It seems simple and harmless enough: you spit into a vial, mail it in and learn about your family history. Home DNA test kits have exploded in popularity recently, with millions of people willingly providing a sample of their DNA in exchange for learning about their genetic heritage and potential health risks. And while for many it’s simply a matter of curiosity, fun or genealogical research, experts warn there may be unanticipated implications of at-home DNA tests, and potential legal issues.
Here’s a closer look at what’s at stake.
Privacy rights and at-home DNA testing
Some experts caution that consumers who use DNA test kits may not have a clear understanding of what they’re giving up. In “The Rising Popularity of At-Home DNA Testing,” on indianapublicmedia.org, experts say when a consumer agrees to the terms provided by the DNA test kit supplier, they are likely giving up not only their own privacy rights, but the rights of future generations. Even the Federal Trade Commission (FTC) has cautioned that users should take time to understand how their personal DNA data will be used and shared, according to, “At-home DNA tests help answer questions about ancestry, but are there privacy risks?” on circa.com.
Who has your unique genetic information, and how they use it, could have massive implications, some of which are already playing out in real time. And at times consumers are learning information about themselves and their families that is sometimes at the very least uncomfortable and confusing and at most could lead to a potential legal quagmire.
Here are a few recent situations that have emerged in connection with DNA at-home test kits.
Recent DNA test kit discoveries with potential legal implications
- Police used a technique known as familial searching to match DNA from the scene of a murder with biological relatives of the found DNA. According to Popular Science, “Could Having Your DNA Tested Land You In Court?,” the 1996 murder investigation led police to arrest Michael Usry, when the crime scene DNA was found to match portions of his father’s DNA, which was in a DNA database because of an at-home DNA test. In the end, Usry’s DNA did not match the sample taken from the crime scene, but the implications are no small consideration.
- More recently, in the famed case of the Golden State Killer, experts say genetic relatives led police to the suspect. In “How Did They Catch the Golden State Killer? An Online DNA Service and His Genetic Relatives Revealed the Suspect,” time.com reports that police caught the suspected killer by matching DNA from crime scenes with data in an online genealogy database.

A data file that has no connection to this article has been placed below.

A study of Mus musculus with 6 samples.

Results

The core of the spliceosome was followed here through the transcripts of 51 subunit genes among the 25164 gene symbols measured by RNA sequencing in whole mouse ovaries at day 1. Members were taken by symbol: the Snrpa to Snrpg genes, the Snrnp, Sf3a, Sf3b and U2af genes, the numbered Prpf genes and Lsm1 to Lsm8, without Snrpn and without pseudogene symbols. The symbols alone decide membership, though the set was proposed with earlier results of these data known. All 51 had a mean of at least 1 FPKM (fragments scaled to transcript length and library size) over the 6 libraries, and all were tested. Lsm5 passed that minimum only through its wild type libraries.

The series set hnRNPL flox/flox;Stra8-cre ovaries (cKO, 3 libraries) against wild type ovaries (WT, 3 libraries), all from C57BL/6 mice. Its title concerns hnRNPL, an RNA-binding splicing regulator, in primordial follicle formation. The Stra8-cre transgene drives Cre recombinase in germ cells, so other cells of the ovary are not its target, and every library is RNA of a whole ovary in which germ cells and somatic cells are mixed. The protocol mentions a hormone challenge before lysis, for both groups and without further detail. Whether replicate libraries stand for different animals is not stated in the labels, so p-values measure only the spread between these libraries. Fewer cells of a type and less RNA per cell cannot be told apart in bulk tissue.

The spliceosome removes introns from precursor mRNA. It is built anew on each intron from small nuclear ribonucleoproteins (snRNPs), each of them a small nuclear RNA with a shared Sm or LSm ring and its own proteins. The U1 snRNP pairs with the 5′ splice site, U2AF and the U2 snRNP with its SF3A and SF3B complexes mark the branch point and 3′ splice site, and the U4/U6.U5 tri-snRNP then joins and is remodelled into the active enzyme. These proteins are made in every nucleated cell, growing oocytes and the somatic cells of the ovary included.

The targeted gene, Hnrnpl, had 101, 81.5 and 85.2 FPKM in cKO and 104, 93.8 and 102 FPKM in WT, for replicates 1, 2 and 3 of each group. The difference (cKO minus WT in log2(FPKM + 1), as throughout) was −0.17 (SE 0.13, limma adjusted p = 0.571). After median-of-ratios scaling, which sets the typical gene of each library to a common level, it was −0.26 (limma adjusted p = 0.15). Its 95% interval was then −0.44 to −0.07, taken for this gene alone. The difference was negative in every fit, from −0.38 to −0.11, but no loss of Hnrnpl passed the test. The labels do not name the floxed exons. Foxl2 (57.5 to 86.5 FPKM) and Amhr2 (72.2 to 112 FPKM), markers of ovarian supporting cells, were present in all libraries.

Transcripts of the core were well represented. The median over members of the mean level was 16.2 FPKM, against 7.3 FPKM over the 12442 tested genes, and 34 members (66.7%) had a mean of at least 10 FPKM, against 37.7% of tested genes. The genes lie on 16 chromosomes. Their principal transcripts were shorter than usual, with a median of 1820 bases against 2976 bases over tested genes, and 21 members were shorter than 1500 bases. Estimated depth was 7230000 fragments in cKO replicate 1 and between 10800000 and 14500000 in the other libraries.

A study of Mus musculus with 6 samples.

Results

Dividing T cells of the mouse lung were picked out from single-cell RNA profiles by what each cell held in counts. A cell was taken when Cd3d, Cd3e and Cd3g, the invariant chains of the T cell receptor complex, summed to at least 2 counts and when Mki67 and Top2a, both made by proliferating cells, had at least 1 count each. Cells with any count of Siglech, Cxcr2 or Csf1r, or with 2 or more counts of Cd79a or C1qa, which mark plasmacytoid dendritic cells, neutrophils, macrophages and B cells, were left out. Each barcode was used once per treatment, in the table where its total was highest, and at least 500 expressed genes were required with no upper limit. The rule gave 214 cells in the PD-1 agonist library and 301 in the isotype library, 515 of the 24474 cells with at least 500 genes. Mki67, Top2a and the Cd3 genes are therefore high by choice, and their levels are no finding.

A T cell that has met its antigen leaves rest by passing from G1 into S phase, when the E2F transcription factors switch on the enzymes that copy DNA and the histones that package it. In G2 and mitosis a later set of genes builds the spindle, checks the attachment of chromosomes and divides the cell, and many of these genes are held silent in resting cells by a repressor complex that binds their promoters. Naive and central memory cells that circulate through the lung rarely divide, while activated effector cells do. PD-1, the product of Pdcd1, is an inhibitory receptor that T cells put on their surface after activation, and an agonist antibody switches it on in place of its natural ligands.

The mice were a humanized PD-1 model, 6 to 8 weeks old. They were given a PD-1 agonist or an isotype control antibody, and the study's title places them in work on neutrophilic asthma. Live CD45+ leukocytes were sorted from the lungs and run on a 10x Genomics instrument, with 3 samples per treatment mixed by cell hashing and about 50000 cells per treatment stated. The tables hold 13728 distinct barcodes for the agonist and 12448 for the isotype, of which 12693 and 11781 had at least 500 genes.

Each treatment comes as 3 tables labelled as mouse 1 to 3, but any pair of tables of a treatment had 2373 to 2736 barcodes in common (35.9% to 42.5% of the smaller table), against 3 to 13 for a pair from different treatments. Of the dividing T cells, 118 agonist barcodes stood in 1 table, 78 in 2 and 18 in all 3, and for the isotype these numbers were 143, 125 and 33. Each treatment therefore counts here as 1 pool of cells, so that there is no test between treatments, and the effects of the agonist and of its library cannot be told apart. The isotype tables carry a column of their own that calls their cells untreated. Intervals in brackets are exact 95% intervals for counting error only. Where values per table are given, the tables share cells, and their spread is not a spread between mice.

- In Minnesota, KARE 11 television recently reported that at the age of 72, two women learned that they had been switched at birth, because of an at-home DNA test. That’s just one example of the emerging ripple effects. When results can show who your relatives are, surprises can emerge, sometimes rewriting, and correcting, family histories. Unknown siblings are discovered. Biological parents are found after adoptions, or parents are found not to be biological parents, after all.
- Because DNA test kits can gather and analyze health risk factor data, some experts worry that the information could put consumers at risk. Already life insurance, long-term care insurance and disability insurance companies have the right to request results of an at-home DNA test kit, and deny consumer coverage based on those results, according to fastcompany.com, “If You Want Life Insurance, Think Twice Before Getting A Genetic Test.”
Your genetic code: share with care
For now, consumers may find some comfort in knowing that the Genetic Information Nondiscrimination Act of 2008 keeps health insurance companies and employers from using your DNA in multiple ways. But it’s important to remember that laws can be impermanent, and changes may affect your control of your genetic data and how it is used. More, even if a test kit supplier agrees to destroy the sample of your DNA, the risk that hackers could obtain that information should also be taken into consideration. Consumers should take great care in considering these complex and emerging issues connected with at-home DNA test kits.
By Joe Veenstra, La Crosse WI consumer rights attorney at Johns, Flaherty & Collins, SC. For a consumer rights attorney in La Crosse WI, contact him at 608-784-5678.